Help me apply Ohm's Law to reduce brightness of an LED lamp

Thread Starter

OrlyP

Joined Sep 8, 2021
3
Hi, I'm new here and still trying to get a feel of the site.

I have a seemingly simple problem. I bought a few "retro Edison" E14 LED bulbs rated for 2W @ 220V. However, they seem to have a very short lifespan and I would very much want to reduce the amount of voltage fed into them. As a side preference, I would also want these to glow slightly less bright. As these are non-dimmable LEDs, using a standard dimmer is probably out of the question.

Our mains sits at 230V on average.

Using a power meter, this is what I gathered when powering one of these bulbs:

Input: 230V / 60Hz
Power: 2W
Current: 0.042A
PF: 0.2

Now, is it possible to use a resistor in series so that the LED will see a lower voltage? What would be the formula for R (resistance value and power rating)?

Thank you.
 

crutschow

Joined Mar 14, 2008
28,204
What would be the formula for R (resistance value and power rating)?
The desired resistance would be approximately R = V / .042A where V is the desired reduction in voltage (e.g. 10V if you wanted to drop the 230V to 220V).
The resistor power dissipated would be approximately V * 0.042A.
The resistor power rating should be no less than twice the value calculated.

If the power dissipated gets too high for the amount of voltage reduction you want, you might use a film capacitor in series with the bulb, which will dissipate no power.
I can help with determining the capacitor value if you post how much voltage reduction you want.
 

Sensacell

Joined Jun 19, 2012
2,919
Those LED bulbs typically have a low power factor- which means they do not draw power in a linear way, they typically draw narrow spikes of current, which makes your resistor selection a bit tricky.

Start with ohms law to get you in the ballpark, but you will need to experiment, buy a bunch of resistors so you can play with it and see how it really works.
 

Ian0

Joined Aug 7, 2020
3,765
First of all, I suggest you dismantle a dead one to see how it is powered.
If PF=0.2, then you will probably find four diodes, a couple of small resistors, an electrolytic capacitor and a large film capacitor probably class x.
The class X capacitor (C1) is what determines the power. The current flowing in the LEDs is approximately equal to the mains voltage divided by the reactance of the capacitor.*
Increase the capacitor reactance by putting another capacitor in series and you can reduce the power to the lamp.
You can add resistance as suggested above, but it makes things that much more complicated. The current is then
\(
I = \frac{V}{\sqrt {R+\frac{1}{ 2 \pi f C}}}
\)
Untitled 1.jpg
But whatever you do, DON'T try to dim it with a standard phase-fired light dimmer. That would be the quickest way to make it fail.

Of the other components: R2 limits the inrush current as C1 charges. R1 discharges C1 so you don't get a shock from the lamp when it has been removed. C2 smoothes the output voltage. D5 represents all the LEDs.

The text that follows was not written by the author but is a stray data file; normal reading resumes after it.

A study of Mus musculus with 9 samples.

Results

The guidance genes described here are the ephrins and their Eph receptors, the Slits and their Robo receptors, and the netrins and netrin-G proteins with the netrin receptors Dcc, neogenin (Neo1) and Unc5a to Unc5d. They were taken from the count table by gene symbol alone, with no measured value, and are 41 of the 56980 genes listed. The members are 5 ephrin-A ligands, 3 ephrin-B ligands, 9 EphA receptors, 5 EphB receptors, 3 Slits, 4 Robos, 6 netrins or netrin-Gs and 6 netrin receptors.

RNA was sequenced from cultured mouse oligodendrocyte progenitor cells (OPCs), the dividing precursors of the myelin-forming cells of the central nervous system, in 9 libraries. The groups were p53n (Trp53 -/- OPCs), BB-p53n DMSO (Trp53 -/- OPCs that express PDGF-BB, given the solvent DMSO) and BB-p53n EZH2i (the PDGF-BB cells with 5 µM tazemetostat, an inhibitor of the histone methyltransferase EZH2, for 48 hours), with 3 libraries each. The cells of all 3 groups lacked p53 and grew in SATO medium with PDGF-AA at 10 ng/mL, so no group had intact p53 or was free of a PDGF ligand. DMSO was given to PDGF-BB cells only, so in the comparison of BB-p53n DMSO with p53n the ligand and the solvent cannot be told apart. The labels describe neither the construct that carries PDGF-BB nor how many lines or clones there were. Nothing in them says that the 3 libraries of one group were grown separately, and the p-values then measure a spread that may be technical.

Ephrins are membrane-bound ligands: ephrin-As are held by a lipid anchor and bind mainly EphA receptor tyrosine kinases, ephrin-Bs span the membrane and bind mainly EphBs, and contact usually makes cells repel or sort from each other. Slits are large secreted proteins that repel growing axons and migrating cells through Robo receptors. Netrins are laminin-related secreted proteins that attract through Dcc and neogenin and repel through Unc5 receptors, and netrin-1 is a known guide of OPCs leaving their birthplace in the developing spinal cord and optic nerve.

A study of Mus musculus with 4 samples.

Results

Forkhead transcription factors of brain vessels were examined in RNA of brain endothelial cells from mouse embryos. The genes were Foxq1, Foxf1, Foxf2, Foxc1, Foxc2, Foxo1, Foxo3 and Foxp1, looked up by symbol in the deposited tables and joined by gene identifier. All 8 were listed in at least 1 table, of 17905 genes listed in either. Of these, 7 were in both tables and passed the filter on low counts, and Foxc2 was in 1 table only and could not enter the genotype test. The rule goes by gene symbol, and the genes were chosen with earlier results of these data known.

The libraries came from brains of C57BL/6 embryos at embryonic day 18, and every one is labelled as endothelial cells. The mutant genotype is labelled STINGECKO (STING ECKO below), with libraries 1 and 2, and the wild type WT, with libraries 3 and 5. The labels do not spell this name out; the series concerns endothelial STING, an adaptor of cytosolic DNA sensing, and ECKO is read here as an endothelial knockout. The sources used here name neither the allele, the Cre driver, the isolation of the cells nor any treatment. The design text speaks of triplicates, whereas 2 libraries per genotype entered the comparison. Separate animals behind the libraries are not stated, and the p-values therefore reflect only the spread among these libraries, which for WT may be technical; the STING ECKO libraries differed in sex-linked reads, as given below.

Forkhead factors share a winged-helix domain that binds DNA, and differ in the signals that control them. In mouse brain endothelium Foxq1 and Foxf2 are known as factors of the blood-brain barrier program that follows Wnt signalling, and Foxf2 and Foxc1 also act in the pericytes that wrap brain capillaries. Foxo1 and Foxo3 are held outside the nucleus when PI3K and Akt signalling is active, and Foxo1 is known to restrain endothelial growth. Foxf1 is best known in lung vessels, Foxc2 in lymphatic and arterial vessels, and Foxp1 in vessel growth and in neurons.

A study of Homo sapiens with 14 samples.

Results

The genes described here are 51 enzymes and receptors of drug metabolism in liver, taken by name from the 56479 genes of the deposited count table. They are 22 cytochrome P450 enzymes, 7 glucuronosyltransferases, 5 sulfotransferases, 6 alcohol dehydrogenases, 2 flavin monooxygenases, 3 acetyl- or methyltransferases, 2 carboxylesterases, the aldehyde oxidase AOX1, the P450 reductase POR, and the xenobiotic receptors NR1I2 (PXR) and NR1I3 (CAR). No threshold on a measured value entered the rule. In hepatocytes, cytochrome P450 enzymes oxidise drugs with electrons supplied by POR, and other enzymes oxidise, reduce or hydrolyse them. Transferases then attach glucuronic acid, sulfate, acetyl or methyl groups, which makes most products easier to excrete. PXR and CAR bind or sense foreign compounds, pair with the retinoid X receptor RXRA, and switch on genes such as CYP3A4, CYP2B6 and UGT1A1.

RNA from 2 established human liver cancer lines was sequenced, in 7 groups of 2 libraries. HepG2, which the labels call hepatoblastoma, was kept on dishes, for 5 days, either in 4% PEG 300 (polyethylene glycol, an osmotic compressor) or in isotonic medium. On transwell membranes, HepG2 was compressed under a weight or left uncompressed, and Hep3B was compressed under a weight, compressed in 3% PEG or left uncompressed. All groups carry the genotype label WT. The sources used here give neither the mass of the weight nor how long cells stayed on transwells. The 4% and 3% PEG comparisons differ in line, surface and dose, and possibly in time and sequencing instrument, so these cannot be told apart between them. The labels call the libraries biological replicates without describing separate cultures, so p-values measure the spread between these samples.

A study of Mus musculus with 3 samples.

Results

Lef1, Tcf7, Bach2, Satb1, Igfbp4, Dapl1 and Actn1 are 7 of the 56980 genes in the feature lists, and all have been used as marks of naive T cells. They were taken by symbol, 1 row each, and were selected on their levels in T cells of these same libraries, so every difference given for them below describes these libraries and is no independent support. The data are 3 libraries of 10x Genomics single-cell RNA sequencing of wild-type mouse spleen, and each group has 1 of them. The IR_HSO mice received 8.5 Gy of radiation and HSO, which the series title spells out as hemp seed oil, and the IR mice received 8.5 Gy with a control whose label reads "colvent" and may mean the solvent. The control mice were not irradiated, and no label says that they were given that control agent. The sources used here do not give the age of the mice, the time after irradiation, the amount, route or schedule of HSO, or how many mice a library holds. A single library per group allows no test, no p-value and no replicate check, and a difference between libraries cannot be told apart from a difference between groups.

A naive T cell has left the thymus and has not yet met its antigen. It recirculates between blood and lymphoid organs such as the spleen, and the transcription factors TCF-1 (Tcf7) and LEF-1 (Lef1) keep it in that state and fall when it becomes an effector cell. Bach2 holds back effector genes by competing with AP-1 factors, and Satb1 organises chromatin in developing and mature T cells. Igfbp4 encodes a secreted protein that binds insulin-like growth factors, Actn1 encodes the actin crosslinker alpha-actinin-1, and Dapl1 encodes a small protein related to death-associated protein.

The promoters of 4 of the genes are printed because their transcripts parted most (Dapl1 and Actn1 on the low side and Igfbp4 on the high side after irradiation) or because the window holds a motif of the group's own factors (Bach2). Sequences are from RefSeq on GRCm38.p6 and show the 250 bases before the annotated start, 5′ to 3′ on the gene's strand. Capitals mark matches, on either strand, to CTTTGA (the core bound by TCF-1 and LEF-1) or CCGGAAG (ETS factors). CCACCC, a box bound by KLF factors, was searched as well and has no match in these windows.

Now, if you dismantle it and find a small switched mode supply, then all bets are off, as the switched-mode supply regulates the current.

*It isn't quite this simple, but unless there are a lot of LEDs in series, it is close enough.
 
Last edited:

Yaakov

Joined Jan 27, 2019
3,755
The definitive resource for stuff like this is Big Clive. His YouTube channel has many videos relevant to this topic but I thnk this one might be particularly helpful. He is also accessible and spending a couple of pounds on a Patreon sponsorship gets you direct messaging to him which he answers pretty quickly.

 

Thread Starter

OrlyP

Joined Sep 8, 2021
3
The desired resistance would be approximately R = V / .042A where V is the desired reduction in voltage (e.g. 10V if you wanted to drop the 230V to 220V).
The resistor power dissipated would be approximately V * 0.042A.
The resistor power rating should be no less than twice the value calculated.

If the power dissipated gets too high for the amount of voltage reduction you want, you might use a film capacitor in series with the bulb, which will dissipate no power.
I can help with determining the capacitor value if you post how much voltage reduction you want.
You reminded me that I had a bunch of unused capacitors and resistors that came with my Broadlink smart switches. They were meant to be connected in parallel with LED light fixtures so they don't flicker when switched off. Mine never did flicker so I didn't use them.



Anyway, I tried both the capacitor and resistor in series and eventually settled on the latter. With the resistor connected in series, the LED bulb is getting a little over 80V. Surprisingly, the LED still lights up and the amount of brightness is sufficient for my use case.

Thank you everyone!
 

Thread Starter

OrlyP

Joined Sep 8, 2021
3
Seems more like you used trial and error than applying Ohm's law!
Lol.... Yes. And apologies for taking the quick way out.

I knew the parts that I had were meant to be connected shunt with 230V so I thought, what can go wrong if I put either in series with an LED load? The resistor in particular is overkill but they're the ones I already have so I just didn't want to complicate things any further.